Brian Laundrie and Gabrielle Petito are shown in an undated...

Brian Laundrie and Gabrielle Petito are shown in an undated photo from the North Port (Florida) Police Department. Credit: North Port Police Department handout/EPA-EFE/Shutterstock

Police in Utah investigating a physical altercation between Blue Point native Gabrielle Petito and her then-fiance Brian Laundrie last year made "several unintentional mistakes," according to a new report.

Petito, 22, who had been on a cross-country road trip with fellow Bayport-Blue Point High School graduate Laundrie, was fatally strangled and her body was found in September in the Bridger-Teton National Forest in Wyoming. The FBI named Laundrie, 23, a "person of interest" in her homicide, but he was never charged and he died from a self-inflicted gunshot wound. His remains were found Oct. 20 in a Florida nature reserve.

Moab City, Utah, police investigated the couple Aug. 12 after receiving a 911 call alleging Laundrie assaulted Petito. Responding officers discussed arresting Petito after she admitted striking Laundrie, but ultimately directed the two to stay away from each other for a night, according to police body camera footage of the interaction. Petito also told police that Laundrie had grabbed her face and left a cut on her cheek.

The 102-page report, which was authored by a captain from another Utah police department, said police had probable cause to arrest Petito. The report also said police failed to get a written statement from the initial 911 caller who said Laundrie struck Petito and said police incorrectly categorized the incident as "disorderly conduct" when it was "domestic violence."

Capt. Brandon Ratcliffe of the police department in Price City, which is about 116 miles north of Moab, conducted the investigation at the direction of Moab Police Chief Brent Edge in response to a complaint following the public release of the body camera footage.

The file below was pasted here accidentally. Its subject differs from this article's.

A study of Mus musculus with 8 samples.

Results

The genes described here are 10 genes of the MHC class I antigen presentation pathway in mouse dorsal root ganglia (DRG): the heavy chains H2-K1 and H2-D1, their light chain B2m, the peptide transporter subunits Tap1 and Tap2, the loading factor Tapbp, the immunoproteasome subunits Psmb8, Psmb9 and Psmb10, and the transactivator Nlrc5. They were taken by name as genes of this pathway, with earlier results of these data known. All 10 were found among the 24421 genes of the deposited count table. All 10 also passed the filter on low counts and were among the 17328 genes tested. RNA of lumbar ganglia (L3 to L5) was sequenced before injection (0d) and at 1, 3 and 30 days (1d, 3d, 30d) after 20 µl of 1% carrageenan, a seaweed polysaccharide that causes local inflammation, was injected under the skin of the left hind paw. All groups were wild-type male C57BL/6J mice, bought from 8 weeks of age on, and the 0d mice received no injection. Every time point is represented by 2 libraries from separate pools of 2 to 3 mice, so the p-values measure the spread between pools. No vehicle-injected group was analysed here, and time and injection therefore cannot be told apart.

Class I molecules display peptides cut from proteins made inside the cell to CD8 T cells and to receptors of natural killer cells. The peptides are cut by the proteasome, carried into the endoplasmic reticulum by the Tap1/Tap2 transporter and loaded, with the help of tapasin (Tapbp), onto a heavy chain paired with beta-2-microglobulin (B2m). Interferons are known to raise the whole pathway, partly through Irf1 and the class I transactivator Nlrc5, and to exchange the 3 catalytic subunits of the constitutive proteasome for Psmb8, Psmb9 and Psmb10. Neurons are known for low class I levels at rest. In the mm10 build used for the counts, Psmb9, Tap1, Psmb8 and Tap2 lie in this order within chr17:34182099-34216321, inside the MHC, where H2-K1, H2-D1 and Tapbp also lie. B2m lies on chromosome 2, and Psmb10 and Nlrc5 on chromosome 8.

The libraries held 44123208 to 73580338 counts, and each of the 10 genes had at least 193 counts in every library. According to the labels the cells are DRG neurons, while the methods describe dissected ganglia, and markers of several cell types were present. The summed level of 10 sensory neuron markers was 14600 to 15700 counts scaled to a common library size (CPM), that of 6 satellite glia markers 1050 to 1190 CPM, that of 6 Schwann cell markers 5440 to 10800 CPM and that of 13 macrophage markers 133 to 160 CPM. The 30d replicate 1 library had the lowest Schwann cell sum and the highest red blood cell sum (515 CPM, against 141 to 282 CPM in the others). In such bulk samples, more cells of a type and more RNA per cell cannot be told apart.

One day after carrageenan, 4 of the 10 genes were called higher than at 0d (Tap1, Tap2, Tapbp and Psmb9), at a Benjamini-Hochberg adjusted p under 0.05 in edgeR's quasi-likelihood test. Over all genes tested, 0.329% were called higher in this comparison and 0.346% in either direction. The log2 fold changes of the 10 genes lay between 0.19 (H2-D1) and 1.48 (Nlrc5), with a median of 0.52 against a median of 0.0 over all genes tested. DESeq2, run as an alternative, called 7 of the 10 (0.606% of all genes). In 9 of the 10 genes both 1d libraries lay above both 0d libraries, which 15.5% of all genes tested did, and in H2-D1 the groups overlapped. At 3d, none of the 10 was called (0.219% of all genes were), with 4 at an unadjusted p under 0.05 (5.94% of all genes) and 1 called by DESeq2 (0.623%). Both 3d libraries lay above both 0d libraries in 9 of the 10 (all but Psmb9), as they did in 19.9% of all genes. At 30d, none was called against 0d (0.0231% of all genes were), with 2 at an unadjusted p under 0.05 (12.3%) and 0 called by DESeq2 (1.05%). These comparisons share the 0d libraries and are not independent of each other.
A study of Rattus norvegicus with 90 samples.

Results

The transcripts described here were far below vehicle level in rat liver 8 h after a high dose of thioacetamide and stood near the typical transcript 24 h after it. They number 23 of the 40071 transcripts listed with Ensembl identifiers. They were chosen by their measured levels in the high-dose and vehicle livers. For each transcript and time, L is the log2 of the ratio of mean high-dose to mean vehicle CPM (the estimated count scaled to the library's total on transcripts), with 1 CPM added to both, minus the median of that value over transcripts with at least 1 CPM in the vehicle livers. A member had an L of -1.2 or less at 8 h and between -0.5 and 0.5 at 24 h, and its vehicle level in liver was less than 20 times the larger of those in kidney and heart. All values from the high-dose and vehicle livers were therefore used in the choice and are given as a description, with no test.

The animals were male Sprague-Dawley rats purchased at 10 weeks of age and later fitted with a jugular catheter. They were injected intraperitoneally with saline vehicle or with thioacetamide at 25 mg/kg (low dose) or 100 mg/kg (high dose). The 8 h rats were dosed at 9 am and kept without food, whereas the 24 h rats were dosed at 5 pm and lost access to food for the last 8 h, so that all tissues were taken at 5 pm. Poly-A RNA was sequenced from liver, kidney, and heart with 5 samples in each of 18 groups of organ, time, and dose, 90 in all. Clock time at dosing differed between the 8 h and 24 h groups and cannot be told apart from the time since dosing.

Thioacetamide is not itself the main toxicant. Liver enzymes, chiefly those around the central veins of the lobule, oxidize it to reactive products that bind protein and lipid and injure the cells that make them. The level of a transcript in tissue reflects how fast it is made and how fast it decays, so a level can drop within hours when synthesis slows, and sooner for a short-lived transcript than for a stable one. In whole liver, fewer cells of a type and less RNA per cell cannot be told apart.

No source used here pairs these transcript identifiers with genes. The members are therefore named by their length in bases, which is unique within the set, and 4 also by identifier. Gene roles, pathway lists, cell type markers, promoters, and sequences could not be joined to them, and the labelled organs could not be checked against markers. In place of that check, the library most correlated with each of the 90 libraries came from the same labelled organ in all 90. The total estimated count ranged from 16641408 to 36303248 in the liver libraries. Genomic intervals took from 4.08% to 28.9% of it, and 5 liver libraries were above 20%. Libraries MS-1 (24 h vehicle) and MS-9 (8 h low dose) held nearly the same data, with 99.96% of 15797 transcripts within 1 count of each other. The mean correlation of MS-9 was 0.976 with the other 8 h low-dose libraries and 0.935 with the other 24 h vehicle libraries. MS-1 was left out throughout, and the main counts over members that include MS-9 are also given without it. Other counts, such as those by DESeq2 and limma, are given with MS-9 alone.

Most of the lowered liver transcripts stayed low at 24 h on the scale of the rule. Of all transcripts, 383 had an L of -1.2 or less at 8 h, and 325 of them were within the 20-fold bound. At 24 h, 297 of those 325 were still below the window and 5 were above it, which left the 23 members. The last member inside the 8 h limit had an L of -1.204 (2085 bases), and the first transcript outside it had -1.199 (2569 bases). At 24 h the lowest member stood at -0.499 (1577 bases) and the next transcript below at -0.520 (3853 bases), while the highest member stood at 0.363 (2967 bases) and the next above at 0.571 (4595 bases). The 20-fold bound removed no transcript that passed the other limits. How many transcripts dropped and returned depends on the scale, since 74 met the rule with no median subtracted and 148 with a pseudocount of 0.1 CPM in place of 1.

"There are many "what-if’s" that have presented itself as part of this investigation, the primary one being: Would Gabby be alive today if this case was handled differently?" Ratcliffe wrote in the report. "That is an impossible question to answer despite it being the answer many people want to know. Nobody knows and nobody will ever know the answer to that question."

The report, released late Wednesday, made several recommendations to the Moab Police Department, including that responding officers Eric Pratt and Daniel Robbins be placed on probation. The report also recommended more training on investigating domestic violence and local and state laws.

A statement on the Moab City website said the department would implement the report's recommendations and hire a trained domestic violence specialist, and added: "Based on the report’s findings, the City of Moab believes our officers showed kindness, respect and empathy in their handling of this incident."

Neither Ratcliffe nor Edge responded to messages seeking comment Thursday. Lisa Church, a spokeswoman for the city, said Pratt and Robbins remain "on duty" but she declined to comment on personnel matters.

As part of Ratcliffe's investigation, he interviewed both officers and reviewed the body camera footage. Pratt told Ratcliffe that arresting Laundrie "would have been absurd ... unless there are laws for being a [expletive] boyfriend and gaslighting and taking advantage of people mentally and emotionally for your own reasons, which there’s no law against it."

Pratt added, according to the report, that Petito's description of Laundrie grabbing Petito and leaving a cut on her face was "not something I can arrest him for unless I lie on my PC [probable cause] statement or omit important facts. The only person I could arrest was Gabby."

Petito stopped communicating with her family about two weeks after the Moab incident and she was later reported missing by her family. Laundrie returned to his Florida home alone in Petito's van on Sept. 1 and refused to talk to police.

Steven Bertolino, the Laundrie family attorney, said in a statement Thursday: "The Moab officers responded and acted professionally toward both Brian and Gabby. Although the officers may not have followed the letter of the law in not citing Gabby, I believe they did the best they could given the responsiveness of both Brian and Gabby during the traffic stop."

An attorney for the family of Petito did not respond to a message seeking comment.